At last week’s IT Leadership Meeting, we learned who makes up the Board of Directors and what we need to do in order to speak to them as well as join them.  I want to thank Karen Fedyszyn for sharing her knowledge with us on the topic Preparing and Presenting to the Board of Directors.  I would also like to thank Cooper’s Hawk and Centro for hosting our meeting.  Now let’s get down to the topic at hand; Preparing and Presenting to the Board of Directors.

Karen led the meeting by polling the group to find out who, in fact, has presented to a BOD.  She let us know that the Board was made up of Directors that jointly supervise an organization, and these are the people that generally appoint the CEO of the company.  The meetings are conducted by rules and procedures defined for the BOD, and these duties are fiduciary.  There are, also, six committees that sit on the BOD.  These consist of Executive, Finance, Governance, Communication PR, Audit, and Adhoc.

After giving us a little background on who the board is comprised of, Karen then spoke about how to prepare to speak to the BOD.  She admitted that when she represents her department, she never goes in cold.  She researches everyone on the board and the “Hot Topics.”  In order to know your audience, you must research each member you interact with, attend any dinners and invites, know who sits on which committee, understand their SME and interview internal directors to understand the players and the dynamics of the group.  Karen also suggests using Bloomberg, D&B, Reuter, any news outlet and historical books to help in your research of the BOD.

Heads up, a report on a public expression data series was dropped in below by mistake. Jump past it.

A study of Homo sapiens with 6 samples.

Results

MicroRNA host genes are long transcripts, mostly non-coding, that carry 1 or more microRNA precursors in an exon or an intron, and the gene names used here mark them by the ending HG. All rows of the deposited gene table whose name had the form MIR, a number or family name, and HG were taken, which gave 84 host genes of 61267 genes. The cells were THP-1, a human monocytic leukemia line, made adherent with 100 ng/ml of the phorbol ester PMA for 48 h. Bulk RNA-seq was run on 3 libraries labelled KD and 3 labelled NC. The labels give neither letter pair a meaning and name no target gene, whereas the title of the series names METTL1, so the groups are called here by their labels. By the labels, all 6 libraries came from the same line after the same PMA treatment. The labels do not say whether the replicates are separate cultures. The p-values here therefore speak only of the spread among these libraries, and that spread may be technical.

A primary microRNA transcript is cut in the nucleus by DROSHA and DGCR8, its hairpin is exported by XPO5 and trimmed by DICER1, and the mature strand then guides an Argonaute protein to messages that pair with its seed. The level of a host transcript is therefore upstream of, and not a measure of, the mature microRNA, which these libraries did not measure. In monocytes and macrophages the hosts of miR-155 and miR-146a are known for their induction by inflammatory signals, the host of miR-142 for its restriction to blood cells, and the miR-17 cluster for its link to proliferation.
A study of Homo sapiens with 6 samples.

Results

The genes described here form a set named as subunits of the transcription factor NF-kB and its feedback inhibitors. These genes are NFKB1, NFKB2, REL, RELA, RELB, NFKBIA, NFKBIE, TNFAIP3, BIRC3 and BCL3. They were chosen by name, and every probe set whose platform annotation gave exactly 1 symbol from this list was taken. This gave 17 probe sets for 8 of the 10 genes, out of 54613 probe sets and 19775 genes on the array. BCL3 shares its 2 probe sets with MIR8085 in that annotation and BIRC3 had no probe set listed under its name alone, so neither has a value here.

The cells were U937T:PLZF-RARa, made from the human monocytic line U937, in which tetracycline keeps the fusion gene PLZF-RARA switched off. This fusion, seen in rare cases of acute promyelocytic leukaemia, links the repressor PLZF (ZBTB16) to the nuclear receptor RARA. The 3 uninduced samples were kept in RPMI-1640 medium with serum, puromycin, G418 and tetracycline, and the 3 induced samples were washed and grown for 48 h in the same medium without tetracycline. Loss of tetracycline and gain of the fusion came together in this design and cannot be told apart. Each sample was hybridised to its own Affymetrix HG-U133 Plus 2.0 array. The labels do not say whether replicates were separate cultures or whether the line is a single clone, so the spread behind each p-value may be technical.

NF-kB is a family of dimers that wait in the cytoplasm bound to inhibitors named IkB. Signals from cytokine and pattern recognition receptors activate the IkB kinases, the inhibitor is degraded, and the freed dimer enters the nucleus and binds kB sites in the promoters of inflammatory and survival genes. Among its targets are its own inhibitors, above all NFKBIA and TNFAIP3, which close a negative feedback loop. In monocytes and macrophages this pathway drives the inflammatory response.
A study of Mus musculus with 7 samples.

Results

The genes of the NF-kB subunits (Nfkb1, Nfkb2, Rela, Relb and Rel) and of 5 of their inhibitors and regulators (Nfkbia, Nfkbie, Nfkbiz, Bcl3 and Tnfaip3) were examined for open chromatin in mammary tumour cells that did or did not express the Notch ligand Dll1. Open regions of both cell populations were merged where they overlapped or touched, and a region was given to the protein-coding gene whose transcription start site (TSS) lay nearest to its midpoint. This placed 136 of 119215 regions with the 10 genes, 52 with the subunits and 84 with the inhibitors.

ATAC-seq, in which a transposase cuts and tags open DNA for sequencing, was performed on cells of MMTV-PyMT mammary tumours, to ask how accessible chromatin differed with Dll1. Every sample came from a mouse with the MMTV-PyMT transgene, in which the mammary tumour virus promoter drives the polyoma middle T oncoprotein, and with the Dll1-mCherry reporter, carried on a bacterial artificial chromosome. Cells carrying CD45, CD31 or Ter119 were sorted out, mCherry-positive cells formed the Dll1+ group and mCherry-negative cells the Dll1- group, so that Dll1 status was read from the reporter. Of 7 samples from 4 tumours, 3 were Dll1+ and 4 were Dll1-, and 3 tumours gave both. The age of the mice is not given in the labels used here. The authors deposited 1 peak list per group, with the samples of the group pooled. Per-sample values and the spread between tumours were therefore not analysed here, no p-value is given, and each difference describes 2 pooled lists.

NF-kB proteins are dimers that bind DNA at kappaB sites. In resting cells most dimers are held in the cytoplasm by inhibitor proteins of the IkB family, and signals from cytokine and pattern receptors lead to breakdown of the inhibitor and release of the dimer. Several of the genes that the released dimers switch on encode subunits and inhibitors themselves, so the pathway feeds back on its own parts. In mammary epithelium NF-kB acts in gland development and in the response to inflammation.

Lastly, Karen filled us in on the importance of knowing that the meeting is for the Board of Directors, NOT YOU! In order for the meeting to run smoothly, you must prepare.  Your primary focus is always on what the BOD needs to hear and not what you want to communicate.  Make sure to always simplify your charts, use specific slides, align comments with the board and NEVER drop an open-ended issue.  If you have a problem, make sure you know the plan of attack. If it’s too new, it might be too soon to discuss, and best to not bring it up at all.  At the end of the day, remember that the BOD are human, just like you.

I want to thank all that attended the meeting. Once again, thank you, Karen, for sharing your knowledge and wisdom when speaking to the BOD. To find out more about The Private Directors Association, check it out here. This association provides a national network where executives and professionals interested in board services can find and meet with those interested in securing top-notch board members. If you are interested in learning more about what was discussed, check out the slides here.